Biology teacher Raisa Eady’s unit on inheritance starts with an unusual assignment: Bring in a picture of your “celebrity crush.” Students at Alabama’s Pinson Valley High School determine the phenotypes and genotypes for a set of characteristics and use the picture to determine those for the celebrities. Then, using Punnett squares, they predict the appearance of the hypothetical offspring produced by a fictional mating of student and crush. Eady insists on making biology relevant to her students’ lives. She builds great rapport with her pupils and uses daily learning targets, grouping, visuals and formative assessments to engage them. Eady does not apologize for her high standards, which students are inspired to meet and exceed in the safe learning environment she creates. They trust her, know she is their advocate and will do whatever it takes to help them succeed.
Eady, the chair of Pinson Valley’s science department, serves as lead teacher for the district’s 150 science educators in grades 6-12. She mentors new teachers and is always happy to help them develop activities that promote higher-order thinking and application. Eady leads the district’s Literacy Design Collaborative Initiative and serves on the school’s ESL committee and transformation team. Eady is working to build a robust AP Biology program; the number of students taking the course and AP exam has increased over the past three years. She leads professional learning communities and professional development for the building and district and motivates her colleagues to “up their game.” At meetings with colleagues, Eady silences any negativity, meeting it with proactivity, productivity and a growth mindset.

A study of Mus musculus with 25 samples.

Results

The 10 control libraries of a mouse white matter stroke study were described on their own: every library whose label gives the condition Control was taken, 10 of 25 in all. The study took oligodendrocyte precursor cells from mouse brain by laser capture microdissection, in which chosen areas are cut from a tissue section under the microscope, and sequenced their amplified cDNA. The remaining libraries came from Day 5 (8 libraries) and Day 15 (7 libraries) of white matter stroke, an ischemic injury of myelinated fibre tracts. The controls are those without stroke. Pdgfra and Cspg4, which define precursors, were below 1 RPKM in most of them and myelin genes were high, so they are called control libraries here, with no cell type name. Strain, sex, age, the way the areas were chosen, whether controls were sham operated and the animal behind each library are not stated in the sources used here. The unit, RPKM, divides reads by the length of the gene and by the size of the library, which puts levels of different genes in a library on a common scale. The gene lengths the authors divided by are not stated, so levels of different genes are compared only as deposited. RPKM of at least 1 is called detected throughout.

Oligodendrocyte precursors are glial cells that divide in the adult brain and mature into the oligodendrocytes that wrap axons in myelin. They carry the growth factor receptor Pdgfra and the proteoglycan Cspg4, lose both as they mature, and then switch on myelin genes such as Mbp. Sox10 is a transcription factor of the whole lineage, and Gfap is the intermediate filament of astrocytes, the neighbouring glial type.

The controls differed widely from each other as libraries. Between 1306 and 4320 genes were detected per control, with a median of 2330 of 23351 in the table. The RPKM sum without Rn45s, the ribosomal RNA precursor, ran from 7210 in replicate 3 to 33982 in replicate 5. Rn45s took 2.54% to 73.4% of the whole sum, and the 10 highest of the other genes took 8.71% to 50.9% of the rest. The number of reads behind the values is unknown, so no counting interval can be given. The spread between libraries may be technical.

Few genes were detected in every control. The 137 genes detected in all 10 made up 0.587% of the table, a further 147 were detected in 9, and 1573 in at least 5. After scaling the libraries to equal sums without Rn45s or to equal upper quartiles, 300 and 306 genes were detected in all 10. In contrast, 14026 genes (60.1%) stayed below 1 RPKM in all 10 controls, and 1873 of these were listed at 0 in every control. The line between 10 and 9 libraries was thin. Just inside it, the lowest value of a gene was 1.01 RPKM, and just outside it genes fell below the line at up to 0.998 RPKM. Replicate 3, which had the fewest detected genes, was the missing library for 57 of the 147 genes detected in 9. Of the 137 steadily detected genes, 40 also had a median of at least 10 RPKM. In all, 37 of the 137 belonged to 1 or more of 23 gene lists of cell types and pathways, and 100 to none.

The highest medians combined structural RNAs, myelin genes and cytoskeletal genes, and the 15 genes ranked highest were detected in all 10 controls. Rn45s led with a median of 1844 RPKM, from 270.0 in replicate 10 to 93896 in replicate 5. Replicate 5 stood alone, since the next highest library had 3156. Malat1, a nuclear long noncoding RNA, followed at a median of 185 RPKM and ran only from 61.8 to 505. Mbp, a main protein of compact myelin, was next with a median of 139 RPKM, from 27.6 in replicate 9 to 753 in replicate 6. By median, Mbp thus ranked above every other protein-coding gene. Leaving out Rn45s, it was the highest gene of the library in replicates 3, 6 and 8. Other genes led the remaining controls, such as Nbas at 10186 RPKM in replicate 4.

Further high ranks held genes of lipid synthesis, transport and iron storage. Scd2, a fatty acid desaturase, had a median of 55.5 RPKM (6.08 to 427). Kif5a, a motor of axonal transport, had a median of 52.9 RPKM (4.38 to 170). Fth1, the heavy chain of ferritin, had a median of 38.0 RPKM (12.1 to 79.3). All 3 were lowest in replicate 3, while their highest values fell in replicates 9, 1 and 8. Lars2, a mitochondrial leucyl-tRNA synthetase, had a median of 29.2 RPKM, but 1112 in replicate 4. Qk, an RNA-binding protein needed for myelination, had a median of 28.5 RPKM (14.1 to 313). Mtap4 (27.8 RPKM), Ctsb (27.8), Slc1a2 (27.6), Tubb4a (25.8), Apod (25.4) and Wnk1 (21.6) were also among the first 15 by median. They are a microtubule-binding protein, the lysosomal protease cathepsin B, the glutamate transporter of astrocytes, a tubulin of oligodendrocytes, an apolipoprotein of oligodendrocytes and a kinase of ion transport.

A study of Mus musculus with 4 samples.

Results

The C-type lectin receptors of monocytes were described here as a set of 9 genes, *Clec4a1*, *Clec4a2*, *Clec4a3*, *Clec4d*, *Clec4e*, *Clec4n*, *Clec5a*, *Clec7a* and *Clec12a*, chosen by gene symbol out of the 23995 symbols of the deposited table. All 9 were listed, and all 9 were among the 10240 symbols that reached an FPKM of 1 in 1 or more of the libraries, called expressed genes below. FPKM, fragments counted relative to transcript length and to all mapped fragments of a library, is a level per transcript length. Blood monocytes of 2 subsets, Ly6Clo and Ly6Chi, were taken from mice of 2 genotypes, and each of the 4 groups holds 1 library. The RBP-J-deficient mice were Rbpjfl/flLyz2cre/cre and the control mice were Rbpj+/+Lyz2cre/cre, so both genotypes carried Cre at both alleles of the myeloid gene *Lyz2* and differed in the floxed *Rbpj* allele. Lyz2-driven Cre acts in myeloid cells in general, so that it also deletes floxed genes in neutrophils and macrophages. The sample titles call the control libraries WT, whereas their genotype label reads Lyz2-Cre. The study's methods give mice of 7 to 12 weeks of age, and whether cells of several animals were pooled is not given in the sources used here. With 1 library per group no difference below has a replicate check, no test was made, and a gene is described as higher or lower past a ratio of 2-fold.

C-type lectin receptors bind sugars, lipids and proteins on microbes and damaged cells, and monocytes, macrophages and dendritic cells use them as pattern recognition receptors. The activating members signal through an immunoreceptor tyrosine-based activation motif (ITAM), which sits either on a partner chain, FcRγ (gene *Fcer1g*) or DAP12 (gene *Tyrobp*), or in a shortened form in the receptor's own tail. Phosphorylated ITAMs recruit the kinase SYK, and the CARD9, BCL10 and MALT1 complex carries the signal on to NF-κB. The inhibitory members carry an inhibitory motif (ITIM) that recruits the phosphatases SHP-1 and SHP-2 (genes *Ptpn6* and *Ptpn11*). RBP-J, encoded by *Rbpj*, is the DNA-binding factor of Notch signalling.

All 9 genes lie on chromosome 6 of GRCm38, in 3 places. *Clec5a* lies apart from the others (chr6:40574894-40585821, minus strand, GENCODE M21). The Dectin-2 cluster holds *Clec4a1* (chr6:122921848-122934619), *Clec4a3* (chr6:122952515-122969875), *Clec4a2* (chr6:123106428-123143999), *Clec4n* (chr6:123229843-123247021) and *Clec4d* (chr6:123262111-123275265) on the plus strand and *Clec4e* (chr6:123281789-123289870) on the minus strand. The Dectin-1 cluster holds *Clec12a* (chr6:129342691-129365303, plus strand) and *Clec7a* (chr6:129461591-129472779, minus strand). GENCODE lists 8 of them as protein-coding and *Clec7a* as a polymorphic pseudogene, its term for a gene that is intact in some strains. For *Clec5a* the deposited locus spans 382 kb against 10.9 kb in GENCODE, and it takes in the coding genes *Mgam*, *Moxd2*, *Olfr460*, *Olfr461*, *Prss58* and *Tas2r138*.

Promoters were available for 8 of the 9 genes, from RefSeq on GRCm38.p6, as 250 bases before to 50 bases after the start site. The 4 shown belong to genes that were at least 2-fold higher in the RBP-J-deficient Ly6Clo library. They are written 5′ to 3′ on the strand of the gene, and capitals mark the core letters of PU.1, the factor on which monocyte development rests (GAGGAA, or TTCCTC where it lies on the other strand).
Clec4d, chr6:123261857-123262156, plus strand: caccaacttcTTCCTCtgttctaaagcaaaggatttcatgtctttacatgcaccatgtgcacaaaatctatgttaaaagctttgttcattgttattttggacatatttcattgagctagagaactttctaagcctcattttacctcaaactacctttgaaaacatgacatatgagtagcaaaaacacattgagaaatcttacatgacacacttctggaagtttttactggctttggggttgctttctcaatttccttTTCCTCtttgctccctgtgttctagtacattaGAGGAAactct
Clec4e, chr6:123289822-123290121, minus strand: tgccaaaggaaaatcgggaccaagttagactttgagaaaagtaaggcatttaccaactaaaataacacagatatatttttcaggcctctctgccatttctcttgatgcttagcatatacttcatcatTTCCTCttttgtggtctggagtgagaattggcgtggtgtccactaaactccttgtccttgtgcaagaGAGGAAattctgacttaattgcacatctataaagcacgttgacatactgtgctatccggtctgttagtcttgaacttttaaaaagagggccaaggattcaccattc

Eady serves as a strong role model for students interested in careers in both STEM and education. She coaches the Science Olympiad and sponsors the Science National Honor Society. In 2018, Eady spent the summer working with cancer therapeutics and studying CTLA-4 expression in transgenic mice during a fellowship with Southern Research, a nonprofit biotechnology and pharmaceutical group.
Eady earned a bachelor’s in 2012 from Alabama State University and a master’s in 2018 from University of West Alabama, both in biology education.